Applause Automates Testing of Applications

    Testing applications is not only a thankless task, it can be maddeningly frustrating. All too often, there is an anomaly that is adversely affecting a particular application in a specific location that the internal IT organization can’t find a way to replicate, never mind fix.

    Providing a way to automate the testing of applications after they are running in production, Applause this week added an Applause Test Automation service to its suite of offerings that makes it simpler to test mobile, Web and even wearable applications anywhere at any time.

    Rich Weiss, senior product marketing manager for Applause, says Applause Test Automation provides a level of abstraction around the testing scripts an organization develops. It then helps build and run those tests anywhere the IT organization specifies using its own engineers. Not only does Applause report back the results, Weiss says it will also provide feedback on why any given test script might have failed to run at all.


    On top of that, Weiss says Applause then provides access to its own engineers to help figure out exactly what the application problem might be, given the results of all the testing.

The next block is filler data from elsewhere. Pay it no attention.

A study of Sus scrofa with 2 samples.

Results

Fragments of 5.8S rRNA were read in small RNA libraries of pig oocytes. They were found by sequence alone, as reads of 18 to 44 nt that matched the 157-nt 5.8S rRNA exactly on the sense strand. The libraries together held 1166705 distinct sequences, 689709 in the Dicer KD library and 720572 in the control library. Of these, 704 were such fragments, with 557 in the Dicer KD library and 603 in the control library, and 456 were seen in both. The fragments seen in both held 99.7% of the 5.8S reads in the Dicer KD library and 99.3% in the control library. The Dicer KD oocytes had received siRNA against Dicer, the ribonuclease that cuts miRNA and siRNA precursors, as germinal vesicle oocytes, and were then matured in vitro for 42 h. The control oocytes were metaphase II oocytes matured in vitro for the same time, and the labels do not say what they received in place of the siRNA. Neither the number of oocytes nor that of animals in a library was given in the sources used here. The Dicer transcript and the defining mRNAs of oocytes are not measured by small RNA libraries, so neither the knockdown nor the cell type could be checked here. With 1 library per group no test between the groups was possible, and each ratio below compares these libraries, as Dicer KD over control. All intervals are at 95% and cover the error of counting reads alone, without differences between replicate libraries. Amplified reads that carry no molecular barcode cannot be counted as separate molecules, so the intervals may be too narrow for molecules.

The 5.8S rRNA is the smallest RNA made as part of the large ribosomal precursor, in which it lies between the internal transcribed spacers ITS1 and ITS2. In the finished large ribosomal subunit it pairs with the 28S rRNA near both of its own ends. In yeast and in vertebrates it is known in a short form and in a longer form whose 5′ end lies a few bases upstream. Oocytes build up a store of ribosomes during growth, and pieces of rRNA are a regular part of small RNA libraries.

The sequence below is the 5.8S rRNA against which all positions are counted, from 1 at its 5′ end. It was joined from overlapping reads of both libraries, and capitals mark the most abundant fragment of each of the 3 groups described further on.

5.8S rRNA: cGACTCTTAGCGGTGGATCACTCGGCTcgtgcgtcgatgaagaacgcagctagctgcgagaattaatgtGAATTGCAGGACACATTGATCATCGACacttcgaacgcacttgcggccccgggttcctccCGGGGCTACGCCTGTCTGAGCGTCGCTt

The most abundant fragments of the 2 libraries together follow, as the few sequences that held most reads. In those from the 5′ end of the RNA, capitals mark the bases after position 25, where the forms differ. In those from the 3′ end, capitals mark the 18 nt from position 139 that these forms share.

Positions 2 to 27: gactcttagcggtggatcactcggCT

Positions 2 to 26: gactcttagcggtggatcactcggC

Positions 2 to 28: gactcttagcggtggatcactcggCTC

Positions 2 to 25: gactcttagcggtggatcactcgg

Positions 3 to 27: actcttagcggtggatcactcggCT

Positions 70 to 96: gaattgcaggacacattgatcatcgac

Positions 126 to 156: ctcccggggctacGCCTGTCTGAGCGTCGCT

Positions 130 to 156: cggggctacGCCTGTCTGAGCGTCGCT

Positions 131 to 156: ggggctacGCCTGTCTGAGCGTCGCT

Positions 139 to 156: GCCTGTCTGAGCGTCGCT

With internal IT organizations building and testing more custom applications than ever, it’s pretty apparent that a trial and error approach to rolling out applications along with all the ensuing updates is going to both annoy end users and eventually disrupt the business. Given the relatively low amount of patience that most end users have these days with anything relating to IT, chances are good that at least when it comes to applications in environments that IT teams don’t have much control over, a little outside expertise may be more than warranted.

    Mike Vizard
    Mike Vizard
    Michael Vizard is a seasoned IT journalist, with nearly 30 years of experience writing and editing about enterprise IT issues. He is a contributor to publications including Programmableweb, IT Business Edge, CIOinsight and UBM Tech. He formerly was editorial director for Ziff-Davis Enterprise, where he launched the company’s custom content division, and has also served as editor in chief for CRN and InfoWorld. He also has held editorial positions at PC Week, Computerworld and Digital Review.